NATO helicopters swooped into a clearing in northern Macedonia on Monday as the alliance began the risky mission of collecting weapons from ethnic Albanian rebels, just hours after suffering its first casualty — a British soldier.

Marauding youths threw a block of concrete that killed Ian Collins, 20, of the 9 Parachute Squadron Royal Engineers. He was driving an armored vehicle under an overpass on a main road outside Skopje, the capital, British military officials said. They said he suffered head injuries.

Collins was taken first to the U.S. Army's Base in Macedonia, Camp Able Sentry, and then on to the U.S. hospital at Camp Bondsteel in neighboring Kosovo. He was later transported back to Skopje University Hospital, where he died. Another person in the vehicle was uninjured.

The killing caused unease as NATO began the British-led mission to collect weapons from ethnic Albanian rebels. Though ethnic Albanians generally welcome the deployment, the country's majority Macedonians have been suspicious and sometimes hostile to the presence of foreign troops.

NATO Secretary-General Lord Robertson called the attack "absurd," saying the troops were in Macedonia "to assist the people and the government ... in achieving a peaceful and lasting solution to the current crisis."

Macedonian President Boris Trajkovski condemned the attack and said his country remained committed to cooperating with the troops. British Defense Secretary Geoff Hoon said it appeared Collins died as a result of "mindless hooliganism rather than a concerted attack on NATO troops."

NATO said it would press ahead with its mission.

"This regrettable incident will not affect the resolve of Task Force Harvest to complete the mission," Brig. Barney White-Spunner, the top-ranking British commander, said in a statement.

French Puma and American Chinook helicopters ferried NATO troops near Otlja, a village 6 miles west of the northern city of Kumanovo, to carry out the first collection of weapons.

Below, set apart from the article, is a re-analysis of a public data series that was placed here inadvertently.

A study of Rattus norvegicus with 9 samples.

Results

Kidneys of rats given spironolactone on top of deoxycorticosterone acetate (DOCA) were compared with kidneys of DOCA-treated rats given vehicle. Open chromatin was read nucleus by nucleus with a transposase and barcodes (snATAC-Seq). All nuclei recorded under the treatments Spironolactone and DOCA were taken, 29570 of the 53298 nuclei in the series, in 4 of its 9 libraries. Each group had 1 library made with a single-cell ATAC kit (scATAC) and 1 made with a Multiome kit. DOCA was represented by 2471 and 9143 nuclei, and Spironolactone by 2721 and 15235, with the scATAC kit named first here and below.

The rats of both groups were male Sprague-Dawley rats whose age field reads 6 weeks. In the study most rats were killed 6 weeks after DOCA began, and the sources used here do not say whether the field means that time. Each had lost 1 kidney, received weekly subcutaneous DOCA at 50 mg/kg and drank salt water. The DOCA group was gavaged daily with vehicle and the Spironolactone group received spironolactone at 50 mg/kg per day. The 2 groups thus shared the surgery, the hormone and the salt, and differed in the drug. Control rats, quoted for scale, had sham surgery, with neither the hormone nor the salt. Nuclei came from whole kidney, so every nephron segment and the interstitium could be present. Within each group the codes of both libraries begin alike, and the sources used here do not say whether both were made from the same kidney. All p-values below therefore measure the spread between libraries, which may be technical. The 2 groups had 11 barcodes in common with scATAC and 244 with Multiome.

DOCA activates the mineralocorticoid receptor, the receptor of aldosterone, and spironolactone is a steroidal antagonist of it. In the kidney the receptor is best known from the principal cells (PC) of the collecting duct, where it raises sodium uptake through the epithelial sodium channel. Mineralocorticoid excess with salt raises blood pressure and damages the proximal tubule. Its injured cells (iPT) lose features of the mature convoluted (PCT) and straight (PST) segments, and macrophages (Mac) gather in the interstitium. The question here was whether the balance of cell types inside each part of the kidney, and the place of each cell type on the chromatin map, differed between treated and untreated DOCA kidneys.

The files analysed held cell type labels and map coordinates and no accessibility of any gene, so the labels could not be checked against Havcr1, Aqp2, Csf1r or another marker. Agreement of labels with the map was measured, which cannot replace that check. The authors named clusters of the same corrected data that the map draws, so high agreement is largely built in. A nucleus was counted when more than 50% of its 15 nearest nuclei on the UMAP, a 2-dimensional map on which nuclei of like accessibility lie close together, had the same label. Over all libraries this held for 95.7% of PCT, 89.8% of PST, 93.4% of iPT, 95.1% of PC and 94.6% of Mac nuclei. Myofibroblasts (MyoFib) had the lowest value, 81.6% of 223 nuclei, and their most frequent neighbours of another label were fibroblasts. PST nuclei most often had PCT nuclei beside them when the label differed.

A rebel leader in the area who goes by the name Commander Shpati said his men started handing in their weapons and everything was going smoothly. A senior NATO official, speaking on condition of anonymity, said about 300 weapons had been collected in Otlja.

About 1,400 British soldiers will take part in the overall mission, which will involve roughly 3,500 troops. Many have already arrived in Macedonia.

Further underscoring the tensions in the troubled Balkan country, a large crowd of angry Macedonians gathered in Tetovo, the second-largest city, in an attempt to block the army from withdrawing heavy weaponry along front lines.

A pair of bomb blasts rocked Skopje late Sunday and early Monday, but no injuries were reported.

Macedonians largely blame NATO for the country's six-month ethnic Albanian insurgency, accusing the alliance of failing to choke off weapons and supplies coming from Kosovo -- support that is widely believed to be helping the rebels.

The British soldier was killed just as Macedonian forces began pulling back from positions around sites where NATO will begin collecting weapons from the militants. The collection is part of a peace plan meant to avert a full-fledged civil war.

NATO is planning to collect 3,300 weapons from ethnic Albanian rebels in a mission scheduled to last for no more than 30 days -- a time limit that has been questioned in several NATO countries.

Menzies Campbell, foreign affairs spokesman for Britain's Liberal Democrat party, called the time limit "increasingly unrealistic" Monday and said "NATO should stay as long as necessary to do the job properly."

Despite NATO's optimism about the mission, Macedonian government officials later said they did not agree with the alliance's figures on the number of weapons.

Premier Ljubco Georgievski called the figure "ridiculous and humiliating," claiming the rebels have closer to 60,000 weapons. His statement underscored the problems the NATO mission will face.

The peace deal envisions a step-by-step process in which rebels hand over weapons to NATO in exchange for political reforms meant to improve the status of Macedonia's large ethnic Albanian minority.

Parliament is to begin debating the reforms once a third of the weapons are handed over, scheduled for the end of the week. The legislation is to be voted on only after all the arms have been collected.

But with the government insisting on higher weapons figures, it was unclear how or when parliament would begin its debate.

NATO officials acknowledge the mission is delicate but insist it is the only way to prevent further conflict.

"There are no guarantees and the path will not be easy and the alternative is clear," said Maj. Gen. Gunnar Lange, the military commander of Operation Essential Harvest. "The alternative is war."